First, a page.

Tiger Airways Australia has appointed an ex-Qantas chief pilot as a safety advisor to the CEO.
Chris Manning, a 40-year industry veteran, will assume the position immediately, reporting directly to the grounded carrier's CEO, Tony Davis.
"Chris is one of the most experienced pilots and operational advisors in Australia and we are lucky to have him working with our business," said Davis. "Safety will continue to underpin our operations at all times and with the assistance of Chris, I am confident that Tiger Airways will operate with the highest levels of safety management across our entire operation, both on the ground and in the air."
Manning is a fellow at the Royal Aeronautical Society and a former president of the International Pilots Association. Besides serving as chief pilot, he was also group general manager of flight operations at Qantas, a company he first joined in 1970.
Manning's appointment follows the recent appointment of Davis, who previously headed Tiger Airways Australia's parent company Tiger Holdings. On 6 July, Davis replaced former CEO Crawford Rix, who left Tiger after just one year with the company.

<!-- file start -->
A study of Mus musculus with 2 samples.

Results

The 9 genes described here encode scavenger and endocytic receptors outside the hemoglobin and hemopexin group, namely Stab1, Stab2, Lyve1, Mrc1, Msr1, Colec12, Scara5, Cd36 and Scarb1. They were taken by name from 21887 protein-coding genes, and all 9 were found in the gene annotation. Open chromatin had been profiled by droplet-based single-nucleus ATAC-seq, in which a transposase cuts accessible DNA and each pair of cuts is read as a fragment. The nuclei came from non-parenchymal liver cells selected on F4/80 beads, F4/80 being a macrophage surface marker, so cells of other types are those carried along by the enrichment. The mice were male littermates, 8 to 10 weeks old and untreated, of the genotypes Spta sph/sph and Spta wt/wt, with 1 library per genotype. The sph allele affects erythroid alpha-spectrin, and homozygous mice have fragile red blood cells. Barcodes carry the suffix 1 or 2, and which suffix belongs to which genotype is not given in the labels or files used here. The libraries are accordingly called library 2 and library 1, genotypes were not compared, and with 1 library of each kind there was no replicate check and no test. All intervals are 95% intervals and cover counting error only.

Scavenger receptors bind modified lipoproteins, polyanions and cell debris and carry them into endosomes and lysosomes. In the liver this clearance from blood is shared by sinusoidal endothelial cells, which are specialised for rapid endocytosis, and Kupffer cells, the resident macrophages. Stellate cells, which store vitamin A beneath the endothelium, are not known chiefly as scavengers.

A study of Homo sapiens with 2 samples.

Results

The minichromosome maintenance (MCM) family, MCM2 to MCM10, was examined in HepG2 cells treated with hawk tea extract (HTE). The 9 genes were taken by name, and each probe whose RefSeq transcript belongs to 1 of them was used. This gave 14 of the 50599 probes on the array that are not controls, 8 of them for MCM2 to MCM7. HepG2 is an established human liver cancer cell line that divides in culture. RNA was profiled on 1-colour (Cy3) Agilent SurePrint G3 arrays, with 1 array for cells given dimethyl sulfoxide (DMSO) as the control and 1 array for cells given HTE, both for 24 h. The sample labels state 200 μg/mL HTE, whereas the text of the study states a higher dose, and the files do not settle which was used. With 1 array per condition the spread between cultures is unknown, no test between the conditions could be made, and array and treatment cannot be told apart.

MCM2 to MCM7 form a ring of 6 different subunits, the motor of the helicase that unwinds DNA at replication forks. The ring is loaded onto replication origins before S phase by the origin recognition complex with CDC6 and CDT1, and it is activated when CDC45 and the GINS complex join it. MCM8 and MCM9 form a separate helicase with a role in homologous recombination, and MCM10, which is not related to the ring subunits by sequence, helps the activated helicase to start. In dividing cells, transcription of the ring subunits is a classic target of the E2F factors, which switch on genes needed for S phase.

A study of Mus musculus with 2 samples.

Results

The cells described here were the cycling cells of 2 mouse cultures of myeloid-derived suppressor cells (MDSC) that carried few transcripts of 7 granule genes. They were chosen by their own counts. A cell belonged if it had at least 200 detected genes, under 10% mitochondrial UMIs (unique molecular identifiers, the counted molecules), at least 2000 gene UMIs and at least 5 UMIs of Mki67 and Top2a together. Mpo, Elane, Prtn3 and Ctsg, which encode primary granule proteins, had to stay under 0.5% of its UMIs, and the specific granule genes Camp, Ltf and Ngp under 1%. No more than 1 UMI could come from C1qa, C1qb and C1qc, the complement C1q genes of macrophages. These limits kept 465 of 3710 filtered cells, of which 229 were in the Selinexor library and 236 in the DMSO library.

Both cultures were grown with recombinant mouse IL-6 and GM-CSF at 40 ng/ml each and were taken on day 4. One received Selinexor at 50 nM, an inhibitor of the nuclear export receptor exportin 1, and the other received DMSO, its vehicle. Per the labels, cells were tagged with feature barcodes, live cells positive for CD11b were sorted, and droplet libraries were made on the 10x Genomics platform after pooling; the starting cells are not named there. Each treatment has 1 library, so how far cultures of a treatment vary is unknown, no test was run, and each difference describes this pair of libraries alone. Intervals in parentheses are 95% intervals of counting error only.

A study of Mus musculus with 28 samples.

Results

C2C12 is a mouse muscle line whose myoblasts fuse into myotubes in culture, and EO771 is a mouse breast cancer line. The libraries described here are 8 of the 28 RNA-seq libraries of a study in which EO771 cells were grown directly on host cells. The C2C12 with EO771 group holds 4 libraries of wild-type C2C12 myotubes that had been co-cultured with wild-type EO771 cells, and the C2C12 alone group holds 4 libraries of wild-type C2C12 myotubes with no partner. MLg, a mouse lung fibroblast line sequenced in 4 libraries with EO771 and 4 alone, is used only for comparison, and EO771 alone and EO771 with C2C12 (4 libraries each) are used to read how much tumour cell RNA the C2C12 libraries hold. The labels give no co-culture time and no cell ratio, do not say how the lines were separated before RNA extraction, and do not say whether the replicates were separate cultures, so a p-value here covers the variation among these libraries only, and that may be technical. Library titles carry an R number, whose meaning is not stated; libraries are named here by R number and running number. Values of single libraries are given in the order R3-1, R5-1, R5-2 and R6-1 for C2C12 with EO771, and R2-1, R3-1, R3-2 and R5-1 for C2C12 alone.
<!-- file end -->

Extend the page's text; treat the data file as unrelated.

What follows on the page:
Davis added that Manning's appointment is aimed at showing the aviation sector and public that Tiger is "committed to a safe, viable, and long term future in Australia."
Australia's Civil Aviation Safety Authority (CASA) issued a 30-page show cause notice (SCN) on 23 March that charged that Tiger, "on a number of occasions", broke provisions of the Civil Aviation Act, Civil Aviation Regulations 1988 and Civil Aviation Orders, according to CASA's response to a freedom of information request.
On 1 July, CASA ground Tiger, owing to what it called "immediate and serious safety reasons".
On 7 July, CASA sought an extension of the grounding until 1 August to allow it more time to complete its investigation into Tiger's safety record. Australia's Federal Court has set 22 July for a directions hearing into this application.
CASA on 12 July said the contents of the SCN could "cause damage to Tiger Airways' reputation".
"The allegations made in the SCN and the responses by Tiger concerning them would, or at least could reasonably be expected to, cause damage to Tiger Airways' reputation - which may lead to damage to its business, commercial and financial interests," CASA said.
On 14 July, CASA said the carrier had breached its air operator's certificate before it was issued the SCN in March. Subsequent incidents included two breaches of flying below minimum safe altitudes.